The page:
FROSTBURG — The Wholesome Harvest Co-op and Frostburg State University’s Folklife and Folklore program are sponsoring the documentary film “The Biggest Little Farm” on Nov. 14 at 6:30 p.m. in Room 132 of the Fine Arts Building at FSU. The event is free and open to the public.

Apricot Lane Farms is a traditional foods farm started by John and Molly Chester, a husband and wife team who left their jobs in Los Angeles to become farmers in 2011. Located 40 miles north of Los Angeles, the farm is dedicated to the mission of creating a well-balanced ecosystem and rich soils that produce nutrient-dense foods while treating the environment and the animals with respect.

Apricot Lane farm residents include pigs, goats, sheep, chickens, ducks, guinea hens, horses, Highland cattle and one brown swiss dairy cow named Maggie, many of which appear in the film. The land consists of biodynamic-certified avocado and lemon orchards, a vegetable garden, pastures and over 75 varieties of stone fruit.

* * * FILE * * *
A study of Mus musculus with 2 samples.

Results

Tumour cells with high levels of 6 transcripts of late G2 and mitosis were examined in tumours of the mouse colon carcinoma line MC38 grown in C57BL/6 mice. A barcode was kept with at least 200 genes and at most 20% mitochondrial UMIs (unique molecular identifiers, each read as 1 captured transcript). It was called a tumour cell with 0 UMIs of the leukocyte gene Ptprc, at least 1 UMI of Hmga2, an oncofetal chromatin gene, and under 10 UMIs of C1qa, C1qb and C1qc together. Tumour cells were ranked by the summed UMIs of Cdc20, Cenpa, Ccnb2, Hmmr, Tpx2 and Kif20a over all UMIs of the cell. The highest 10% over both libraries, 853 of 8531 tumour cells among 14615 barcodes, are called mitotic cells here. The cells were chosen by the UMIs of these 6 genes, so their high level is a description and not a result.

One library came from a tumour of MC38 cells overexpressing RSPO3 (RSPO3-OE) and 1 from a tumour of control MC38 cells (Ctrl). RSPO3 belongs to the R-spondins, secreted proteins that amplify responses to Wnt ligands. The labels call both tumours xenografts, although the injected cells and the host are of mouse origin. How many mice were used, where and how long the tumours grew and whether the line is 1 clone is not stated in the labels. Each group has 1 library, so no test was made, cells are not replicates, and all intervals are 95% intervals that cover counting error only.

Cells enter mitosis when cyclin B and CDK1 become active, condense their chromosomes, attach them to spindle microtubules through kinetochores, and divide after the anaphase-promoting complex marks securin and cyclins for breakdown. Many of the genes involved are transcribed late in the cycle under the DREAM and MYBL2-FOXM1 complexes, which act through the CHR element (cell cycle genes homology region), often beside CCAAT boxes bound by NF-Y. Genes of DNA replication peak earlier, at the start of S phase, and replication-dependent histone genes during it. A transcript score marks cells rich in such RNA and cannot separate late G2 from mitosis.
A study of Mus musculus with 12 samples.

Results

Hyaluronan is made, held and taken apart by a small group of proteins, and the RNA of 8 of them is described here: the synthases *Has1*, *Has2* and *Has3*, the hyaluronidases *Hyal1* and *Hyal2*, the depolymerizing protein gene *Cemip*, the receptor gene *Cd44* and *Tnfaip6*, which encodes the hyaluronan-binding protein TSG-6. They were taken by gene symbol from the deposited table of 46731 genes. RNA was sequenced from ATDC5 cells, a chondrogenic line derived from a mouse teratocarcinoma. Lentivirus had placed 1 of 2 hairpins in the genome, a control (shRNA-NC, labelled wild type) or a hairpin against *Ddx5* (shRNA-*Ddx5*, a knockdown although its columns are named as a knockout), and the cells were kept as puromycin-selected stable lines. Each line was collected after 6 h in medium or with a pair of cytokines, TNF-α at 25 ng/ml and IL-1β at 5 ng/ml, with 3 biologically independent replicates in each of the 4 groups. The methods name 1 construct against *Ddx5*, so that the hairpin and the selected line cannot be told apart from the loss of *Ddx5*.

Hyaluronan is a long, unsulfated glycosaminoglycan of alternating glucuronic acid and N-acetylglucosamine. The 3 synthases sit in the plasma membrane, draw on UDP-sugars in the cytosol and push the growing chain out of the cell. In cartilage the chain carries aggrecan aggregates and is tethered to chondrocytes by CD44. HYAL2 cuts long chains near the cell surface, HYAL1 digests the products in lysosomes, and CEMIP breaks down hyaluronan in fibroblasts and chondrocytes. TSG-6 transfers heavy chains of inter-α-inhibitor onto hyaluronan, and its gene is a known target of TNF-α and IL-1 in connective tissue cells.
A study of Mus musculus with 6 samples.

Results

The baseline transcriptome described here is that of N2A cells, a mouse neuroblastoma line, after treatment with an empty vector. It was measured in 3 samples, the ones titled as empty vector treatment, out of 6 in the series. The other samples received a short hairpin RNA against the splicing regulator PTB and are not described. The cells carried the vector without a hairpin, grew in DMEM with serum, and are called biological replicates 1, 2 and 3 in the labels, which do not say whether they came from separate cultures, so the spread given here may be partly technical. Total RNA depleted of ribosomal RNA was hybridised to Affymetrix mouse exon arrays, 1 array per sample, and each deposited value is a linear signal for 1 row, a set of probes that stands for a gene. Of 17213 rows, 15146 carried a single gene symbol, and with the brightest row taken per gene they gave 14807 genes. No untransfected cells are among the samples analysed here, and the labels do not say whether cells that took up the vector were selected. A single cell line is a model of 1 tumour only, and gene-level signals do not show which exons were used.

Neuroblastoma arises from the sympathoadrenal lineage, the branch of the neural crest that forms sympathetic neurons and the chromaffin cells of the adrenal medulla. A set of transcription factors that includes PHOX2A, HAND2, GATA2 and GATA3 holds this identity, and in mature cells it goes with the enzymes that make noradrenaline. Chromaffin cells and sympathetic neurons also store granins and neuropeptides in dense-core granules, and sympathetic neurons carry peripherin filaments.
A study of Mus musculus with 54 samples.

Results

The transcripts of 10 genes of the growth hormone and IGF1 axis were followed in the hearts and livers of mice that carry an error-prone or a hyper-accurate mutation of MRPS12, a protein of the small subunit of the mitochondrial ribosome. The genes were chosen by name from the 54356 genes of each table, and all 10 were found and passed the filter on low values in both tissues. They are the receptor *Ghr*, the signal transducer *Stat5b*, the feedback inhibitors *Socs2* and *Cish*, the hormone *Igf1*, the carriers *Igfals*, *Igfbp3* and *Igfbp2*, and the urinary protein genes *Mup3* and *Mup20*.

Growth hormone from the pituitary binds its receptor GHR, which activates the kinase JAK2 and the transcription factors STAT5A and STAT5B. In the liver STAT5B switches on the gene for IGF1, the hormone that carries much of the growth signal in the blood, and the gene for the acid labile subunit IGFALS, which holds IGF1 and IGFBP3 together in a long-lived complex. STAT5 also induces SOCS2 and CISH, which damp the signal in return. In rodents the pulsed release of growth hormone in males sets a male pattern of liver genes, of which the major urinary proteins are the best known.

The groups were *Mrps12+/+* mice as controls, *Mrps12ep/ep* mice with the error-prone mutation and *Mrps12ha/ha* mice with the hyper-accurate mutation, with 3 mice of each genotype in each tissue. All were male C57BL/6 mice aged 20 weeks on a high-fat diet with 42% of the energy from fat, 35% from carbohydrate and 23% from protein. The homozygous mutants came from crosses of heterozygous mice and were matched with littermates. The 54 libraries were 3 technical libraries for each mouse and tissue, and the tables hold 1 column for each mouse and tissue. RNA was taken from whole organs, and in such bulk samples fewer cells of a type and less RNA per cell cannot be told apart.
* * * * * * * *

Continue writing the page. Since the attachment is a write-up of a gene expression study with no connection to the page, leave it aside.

Local farmers who are exploring or pursuing agricultural practices depicted in the film include Backbone Mountain Produce, Goodness Grows, Heartwood Farm, Honey Moon Farm, Leaning Pine Farm, Savage Mountain Farm and Three Sisters Farm. The farmers will participate in a post-film discussion with Cheryl DeBerry, Garrett County natural resources business specialist,  and Billy Bishoff of the Garrett County Farm Bureau. 

The PG-rated film is 92 minutes in length and a family-friendly documentary; however, true to farm life, occasional animal deaths occur.

Funding for the film screening was made possible by the U.S. Department of Agriculture’s Agricultural Marketing Service Local Food Promotion Program.

For questions about the film, or free parking for the event, contact or 240-580-0305.